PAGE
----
Where are the foundations?


Churchill told him it was a gamble which would make or break his political career – and the populist target was achieved a year ahead of schedule.

Six decades on and for many families this Christmas the problem of housing shortages, particularly in rural areas, remains all too real, forcing many to live in unsuitable accommodation that can be many miles from familes or work places.

House prices in Yorkshire have risen faster than in any other part of England and almost four times faster than incomes in the last decade. It has made the prospect of home ownership more distant than ever, particularly in North Yorkshire where the average house price is £220,000 and yet the average salary is less than £20,000 a year.

The shortage of affordable housing is a modern-day scandal.

The continuing failure of lenders to advance capital and the refusal of developers to invest in affordable housing are among the obvious problems. In one development in York, plans had been agreed to build on a brownfield site in the city where 38 per cent of homes would be affordable. But now developers claim the scheme is no longer viable and want to go ahead without any affordable properties.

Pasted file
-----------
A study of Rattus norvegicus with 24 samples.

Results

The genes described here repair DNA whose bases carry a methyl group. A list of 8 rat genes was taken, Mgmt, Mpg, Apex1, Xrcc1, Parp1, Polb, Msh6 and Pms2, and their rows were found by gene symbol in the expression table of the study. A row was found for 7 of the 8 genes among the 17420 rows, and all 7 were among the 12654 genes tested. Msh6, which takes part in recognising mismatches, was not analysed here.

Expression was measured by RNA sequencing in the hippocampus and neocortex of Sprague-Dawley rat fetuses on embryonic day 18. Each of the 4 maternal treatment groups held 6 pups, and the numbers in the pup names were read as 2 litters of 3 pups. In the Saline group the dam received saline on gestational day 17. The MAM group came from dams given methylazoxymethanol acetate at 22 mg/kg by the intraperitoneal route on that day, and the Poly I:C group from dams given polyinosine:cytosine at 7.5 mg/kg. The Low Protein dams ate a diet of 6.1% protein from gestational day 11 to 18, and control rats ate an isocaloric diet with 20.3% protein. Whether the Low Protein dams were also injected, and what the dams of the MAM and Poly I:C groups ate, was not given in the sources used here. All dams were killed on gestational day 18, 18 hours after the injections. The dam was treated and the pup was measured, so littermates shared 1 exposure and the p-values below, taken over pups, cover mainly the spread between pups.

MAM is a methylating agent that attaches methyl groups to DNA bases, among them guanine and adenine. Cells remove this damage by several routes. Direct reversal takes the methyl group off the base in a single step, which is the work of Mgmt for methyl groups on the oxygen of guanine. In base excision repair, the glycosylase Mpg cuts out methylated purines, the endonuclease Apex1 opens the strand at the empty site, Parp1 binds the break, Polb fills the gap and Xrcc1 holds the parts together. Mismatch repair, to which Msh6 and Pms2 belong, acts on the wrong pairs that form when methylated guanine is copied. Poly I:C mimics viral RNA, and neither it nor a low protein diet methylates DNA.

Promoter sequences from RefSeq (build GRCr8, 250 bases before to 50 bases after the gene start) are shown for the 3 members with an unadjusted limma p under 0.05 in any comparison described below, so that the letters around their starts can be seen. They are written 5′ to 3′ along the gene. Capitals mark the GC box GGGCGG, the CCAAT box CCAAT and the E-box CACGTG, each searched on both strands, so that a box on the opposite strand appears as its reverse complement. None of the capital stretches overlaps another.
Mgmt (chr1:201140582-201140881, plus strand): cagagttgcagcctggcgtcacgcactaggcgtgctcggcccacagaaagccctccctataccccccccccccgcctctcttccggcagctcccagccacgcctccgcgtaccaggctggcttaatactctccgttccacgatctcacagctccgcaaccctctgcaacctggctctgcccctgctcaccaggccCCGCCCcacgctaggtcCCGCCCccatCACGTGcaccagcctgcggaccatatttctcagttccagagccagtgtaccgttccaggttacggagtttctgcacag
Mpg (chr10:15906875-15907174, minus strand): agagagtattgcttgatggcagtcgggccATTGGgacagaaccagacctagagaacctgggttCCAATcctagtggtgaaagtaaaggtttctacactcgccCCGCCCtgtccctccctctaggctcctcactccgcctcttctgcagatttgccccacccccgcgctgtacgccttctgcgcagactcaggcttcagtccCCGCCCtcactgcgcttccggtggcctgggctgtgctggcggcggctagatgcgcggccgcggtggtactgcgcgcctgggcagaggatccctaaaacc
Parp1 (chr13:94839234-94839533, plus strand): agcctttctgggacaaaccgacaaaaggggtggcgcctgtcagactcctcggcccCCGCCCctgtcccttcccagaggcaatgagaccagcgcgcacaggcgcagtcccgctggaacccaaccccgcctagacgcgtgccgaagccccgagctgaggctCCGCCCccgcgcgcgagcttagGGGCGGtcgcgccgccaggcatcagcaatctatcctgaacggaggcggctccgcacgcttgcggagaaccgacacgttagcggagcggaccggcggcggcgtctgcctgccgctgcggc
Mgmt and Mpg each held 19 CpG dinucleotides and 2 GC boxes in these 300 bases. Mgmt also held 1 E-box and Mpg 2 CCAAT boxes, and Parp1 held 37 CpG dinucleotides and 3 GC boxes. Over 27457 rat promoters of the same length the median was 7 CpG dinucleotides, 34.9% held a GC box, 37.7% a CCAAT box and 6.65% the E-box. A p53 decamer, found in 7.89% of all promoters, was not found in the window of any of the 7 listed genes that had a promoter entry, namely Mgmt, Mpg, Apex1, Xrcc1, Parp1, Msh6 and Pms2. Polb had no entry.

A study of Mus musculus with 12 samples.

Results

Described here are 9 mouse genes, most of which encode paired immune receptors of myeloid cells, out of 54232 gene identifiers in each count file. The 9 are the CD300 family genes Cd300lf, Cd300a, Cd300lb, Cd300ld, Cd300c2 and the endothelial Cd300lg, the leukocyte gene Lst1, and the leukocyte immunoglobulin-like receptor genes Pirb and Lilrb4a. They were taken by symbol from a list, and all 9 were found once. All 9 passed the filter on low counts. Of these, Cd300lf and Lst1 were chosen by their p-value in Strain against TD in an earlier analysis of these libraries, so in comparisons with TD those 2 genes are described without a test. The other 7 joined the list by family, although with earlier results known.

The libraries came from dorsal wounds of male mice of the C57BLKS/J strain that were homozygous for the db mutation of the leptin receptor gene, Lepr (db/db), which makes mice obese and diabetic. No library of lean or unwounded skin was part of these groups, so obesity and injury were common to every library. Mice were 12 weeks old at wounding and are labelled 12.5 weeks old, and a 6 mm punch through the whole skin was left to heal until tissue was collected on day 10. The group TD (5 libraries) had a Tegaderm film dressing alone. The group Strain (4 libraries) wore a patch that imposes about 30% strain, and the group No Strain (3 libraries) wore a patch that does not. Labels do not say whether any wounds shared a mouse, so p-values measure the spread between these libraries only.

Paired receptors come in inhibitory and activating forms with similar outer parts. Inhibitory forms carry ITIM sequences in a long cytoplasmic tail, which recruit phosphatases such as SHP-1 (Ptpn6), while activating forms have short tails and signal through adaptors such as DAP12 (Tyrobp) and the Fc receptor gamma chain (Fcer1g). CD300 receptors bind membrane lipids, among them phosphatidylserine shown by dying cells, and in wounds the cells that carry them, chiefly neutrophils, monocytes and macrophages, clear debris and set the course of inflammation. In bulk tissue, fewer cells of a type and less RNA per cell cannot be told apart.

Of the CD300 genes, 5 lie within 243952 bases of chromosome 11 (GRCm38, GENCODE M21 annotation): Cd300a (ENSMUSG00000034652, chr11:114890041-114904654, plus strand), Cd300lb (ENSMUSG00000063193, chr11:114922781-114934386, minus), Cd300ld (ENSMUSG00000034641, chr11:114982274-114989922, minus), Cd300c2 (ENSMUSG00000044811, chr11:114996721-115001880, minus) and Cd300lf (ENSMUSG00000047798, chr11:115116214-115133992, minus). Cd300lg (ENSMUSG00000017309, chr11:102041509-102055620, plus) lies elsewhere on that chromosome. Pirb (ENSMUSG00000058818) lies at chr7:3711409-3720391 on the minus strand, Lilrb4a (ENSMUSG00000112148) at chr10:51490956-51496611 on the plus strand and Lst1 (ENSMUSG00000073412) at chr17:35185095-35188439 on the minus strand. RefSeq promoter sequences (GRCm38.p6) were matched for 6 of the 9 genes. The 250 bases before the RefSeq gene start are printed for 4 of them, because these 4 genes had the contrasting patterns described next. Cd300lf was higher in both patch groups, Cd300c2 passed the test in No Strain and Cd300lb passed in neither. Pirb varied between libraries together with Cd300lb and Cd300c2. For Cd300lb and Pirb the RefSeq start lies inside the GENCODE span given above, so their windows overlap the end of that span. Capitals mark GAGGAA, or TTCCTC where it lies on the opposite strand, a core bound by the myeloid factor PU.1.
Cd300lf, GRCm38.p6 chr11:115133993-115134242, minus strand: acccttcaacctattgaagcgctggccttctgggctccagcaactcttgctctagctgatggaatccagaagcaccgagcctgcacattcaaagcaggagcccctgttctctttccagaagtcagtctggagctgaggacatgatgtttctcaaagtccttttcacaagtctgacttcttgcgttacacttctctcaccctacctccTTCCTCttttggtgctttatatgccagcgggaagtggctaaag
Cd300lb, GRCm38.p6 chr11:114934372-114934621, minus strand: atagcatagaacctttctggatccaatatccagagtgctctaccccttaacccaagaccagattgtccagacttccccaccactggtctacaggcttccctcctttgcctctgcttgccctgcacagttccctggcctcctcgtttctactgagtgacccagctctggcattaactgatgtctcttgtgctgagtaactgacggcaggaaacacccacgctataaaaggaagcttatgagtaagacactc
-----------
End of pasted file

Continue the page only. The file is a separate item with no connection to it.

The blame must also fall on successive governments which have ignored a problem that will only worsen in future.

Coalition Ministers are backing local solutions to the problems – even though the scale of house-building required in coming years will undoubtedly require national action.

But communities must also come up with their own ideas. The example of council chiefs in Harrogate in promoting the conversion of disused farm buildings into new homes is certainly one that many other authorities could follow.

Housing chiefs in Kirklees unveiled plans this week for 450 new rented homes in a £90m private finance initiative project in 27 towns and villages in the area. But with housing waiting lists standing at 15,000 in the area, the scale of the problem will need many more innovative ideas in the years ahead.